Aiming to provide IT organizations with a maximum amount of flexibility when it comes to backup and recovery, Barracuda Networks today announced it can now replicate data into Amazon Web Services (AWS) public cloud via a physical or virtual Barracuda appliance running Barracuda Backup software.
Rod Mathews, senior vice president and general manager for data protection solutions at Barracuda, says support for AWS extends the data protection and disaster recovery (DR) reach of Barracuda Networks to now include AWS, a cloud service managed by Barracuda, as well as local physical and virtual appliances. In the future, Mathews says it’s logical to assume that Barracuda will also be adding support for additional cloud services such as Microsoft Azure.
“We want customers to start thinking more about DR as a service,” says Mathews.
In most instances, Mathews says, customers will back up their most important and most recently used data locally, while taking advantage of the cloud to either back up less critical data or simply archive it.https://o1.qnsr.com/log/p.gif?;n=203;c=204663295;s=11915;x=7936;f=201904081034270;u=j;z=TIMESTAMP;a=20410779;e=i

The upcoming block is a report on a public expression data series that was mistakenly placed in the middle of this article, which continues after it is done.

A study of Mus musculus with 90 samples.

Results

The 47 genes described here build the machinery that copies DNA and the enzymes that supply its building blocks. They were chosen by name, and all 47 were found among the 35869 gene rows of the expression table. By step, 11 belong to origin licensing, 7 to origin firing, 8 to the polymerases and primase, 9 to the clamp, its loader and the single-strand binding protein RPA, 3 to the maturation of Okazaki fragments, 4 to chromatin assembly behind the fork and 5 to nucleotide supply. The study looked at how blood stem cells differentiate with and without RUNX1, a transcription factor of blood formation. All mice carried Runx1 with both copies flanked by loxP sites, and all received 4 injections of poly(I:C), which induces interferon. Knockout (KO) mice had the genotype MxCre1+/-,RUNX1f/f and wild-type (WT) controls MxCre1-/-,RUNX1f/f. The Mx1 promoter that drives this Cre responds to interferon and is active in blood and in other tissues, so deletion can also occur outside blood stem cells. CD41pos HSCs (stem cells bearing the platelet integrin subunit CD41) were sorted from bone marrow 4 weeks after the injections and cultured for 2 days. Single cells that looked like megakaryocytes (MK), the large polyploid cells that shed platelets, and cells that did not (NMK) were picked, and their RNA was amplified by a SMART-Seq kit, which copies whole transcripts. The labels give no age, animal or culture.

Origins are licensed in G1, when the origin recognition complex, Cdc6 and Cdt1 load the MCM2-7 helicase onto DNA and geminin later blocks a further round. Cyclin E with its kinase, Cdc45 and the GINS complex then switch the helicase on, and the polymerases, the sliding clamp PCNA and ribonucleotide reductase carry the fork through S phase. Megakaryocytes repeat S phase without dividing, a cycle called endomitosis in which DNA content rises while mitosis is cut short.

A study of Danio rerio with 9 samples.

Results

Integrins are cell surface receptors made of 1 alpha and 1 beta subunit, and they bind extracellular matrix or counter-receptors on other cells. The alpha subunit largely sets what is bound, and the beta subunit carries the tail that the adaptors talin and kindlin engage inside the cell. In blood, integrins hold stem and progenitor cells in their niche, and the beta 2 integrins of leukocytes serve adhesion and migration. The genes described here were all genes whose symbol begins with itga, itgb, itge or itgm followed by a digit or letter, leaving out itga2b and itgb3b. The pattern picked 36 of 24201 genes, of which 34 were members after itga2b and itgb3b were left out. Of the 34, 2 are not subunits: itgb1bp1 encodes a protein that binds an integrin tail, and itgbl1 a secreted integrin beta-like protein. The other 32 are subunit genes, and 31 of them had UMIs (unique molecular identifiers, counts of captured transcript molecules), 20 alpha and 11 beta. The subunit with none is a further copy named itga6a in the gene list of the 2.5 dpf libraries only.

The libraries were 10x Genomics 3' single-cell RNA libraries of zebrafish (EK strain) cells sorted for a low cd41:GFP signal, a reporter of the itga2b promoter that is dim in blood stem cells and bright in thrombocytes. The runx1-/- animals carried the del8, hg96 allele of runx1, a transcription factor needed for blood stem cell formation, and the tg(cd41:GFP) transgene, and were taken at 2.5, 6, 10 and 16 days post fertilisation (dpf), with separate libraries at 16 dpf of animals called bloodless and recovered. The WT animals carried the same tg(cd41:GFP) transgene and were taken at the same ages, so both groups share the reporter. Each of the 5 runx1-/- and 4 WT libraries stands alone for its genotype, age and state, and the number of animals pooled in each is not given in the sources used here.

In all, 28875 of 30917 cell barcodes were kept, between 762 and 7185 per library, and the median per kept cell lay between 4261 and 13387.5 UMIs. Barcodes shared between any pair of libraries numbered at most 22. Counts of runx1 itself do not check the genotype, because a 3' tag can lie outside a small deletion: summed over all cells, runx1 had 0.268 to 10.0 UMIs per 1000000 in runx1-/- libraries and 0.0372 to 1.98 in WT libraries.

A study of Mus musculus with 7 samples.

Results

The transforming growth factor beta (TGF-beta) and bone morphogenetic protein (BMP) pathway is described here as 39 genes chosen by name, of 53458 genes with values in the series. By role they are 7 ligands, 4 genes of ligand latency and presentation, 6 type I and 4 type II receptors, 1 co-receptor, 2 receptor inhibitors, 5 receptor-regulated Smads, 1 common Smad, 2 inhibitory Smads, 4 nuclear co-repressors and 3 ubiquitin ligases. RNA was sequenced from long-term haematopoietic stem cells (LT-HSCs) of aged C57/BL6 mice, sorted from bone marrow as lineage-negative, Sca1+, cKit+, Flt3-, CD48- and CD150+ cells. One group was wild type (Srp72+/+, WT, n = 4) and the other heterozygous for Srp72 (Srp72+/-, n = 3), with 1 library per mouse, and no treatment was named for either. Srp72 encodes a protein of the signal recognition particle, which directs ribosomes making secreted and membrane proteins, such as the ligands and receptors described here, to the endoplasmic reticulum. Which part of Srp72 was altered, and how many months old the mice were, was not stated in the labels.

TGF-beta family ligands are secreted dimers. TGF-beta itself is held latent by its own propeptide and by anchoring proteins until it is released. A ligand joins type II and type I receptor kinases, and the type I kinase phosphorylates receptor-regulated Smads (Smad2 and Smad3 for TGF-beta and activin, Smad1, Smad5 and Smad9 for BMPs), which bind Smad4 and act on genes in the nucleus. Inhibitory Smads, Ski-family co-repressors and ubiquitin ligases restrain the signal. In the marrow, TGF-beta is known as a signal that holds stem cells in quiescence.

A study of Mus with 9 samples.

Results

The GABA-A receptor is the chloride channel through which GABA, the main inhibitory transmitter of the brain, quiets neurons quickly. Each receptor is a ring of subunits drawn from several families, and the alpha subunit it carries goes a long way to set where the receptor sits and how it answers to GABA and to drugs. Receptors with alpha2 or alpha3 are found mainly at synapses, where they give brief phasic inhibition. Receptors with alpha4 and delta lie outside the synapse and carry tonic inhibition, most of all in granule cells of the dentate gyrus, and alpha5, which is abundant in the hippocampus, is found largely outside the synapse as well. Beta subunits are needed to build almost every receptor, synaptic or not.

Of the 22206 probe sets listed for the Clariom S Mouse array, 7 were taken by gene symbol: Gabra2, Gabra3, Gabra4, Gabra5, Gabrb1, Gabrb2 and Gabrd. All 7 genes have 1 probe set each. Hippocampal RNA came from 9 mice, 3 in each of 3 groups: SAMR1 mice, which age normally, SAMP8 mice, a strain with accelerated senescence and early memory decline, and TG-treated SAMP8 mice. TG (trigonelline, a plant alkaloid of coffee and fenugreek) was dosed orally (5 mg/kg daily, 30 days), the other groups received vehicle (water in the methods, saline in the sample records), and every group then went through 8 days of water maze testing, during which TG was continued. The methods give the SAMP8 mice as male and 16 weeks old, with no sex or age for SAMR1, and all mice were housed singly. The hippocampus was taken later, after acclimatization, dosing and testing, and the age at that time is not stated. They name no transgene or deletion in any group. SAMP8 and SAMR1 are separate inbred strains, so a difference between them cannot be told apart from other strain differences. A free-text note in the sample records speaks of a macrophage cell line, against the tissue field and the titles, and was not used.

In fact, Mathews notes that the line between backing up data and archiving continues to blur, especially in organizations that don’t have large IT staffs consisting of multiple storage specialists.
Mathews notes that with the rise of ransomware, interest in data protection software capable of leveraging the cloud has increased dramatically. Rather than paying ransom to regain access to data that has been encrypted by cybercriminals, Mathews says, offerings such as Barracuda Backup provide a means to quickly recover pristine copies of data.
In many instances, Mathews says, organizations are starting to move to a model where detection of a ransomware attack now automatically kicks off a backup of the organization’s data. That may not prevent data from being encrypted. But backing up critical data does create an opportunity to ensure that at least not all the organization’s current data winds up getting held hostage by cybercriminals demanding payment in a bitcoin currency that the average organization doesn’t keep lying around in case of an emergency as some form of digital petty cash.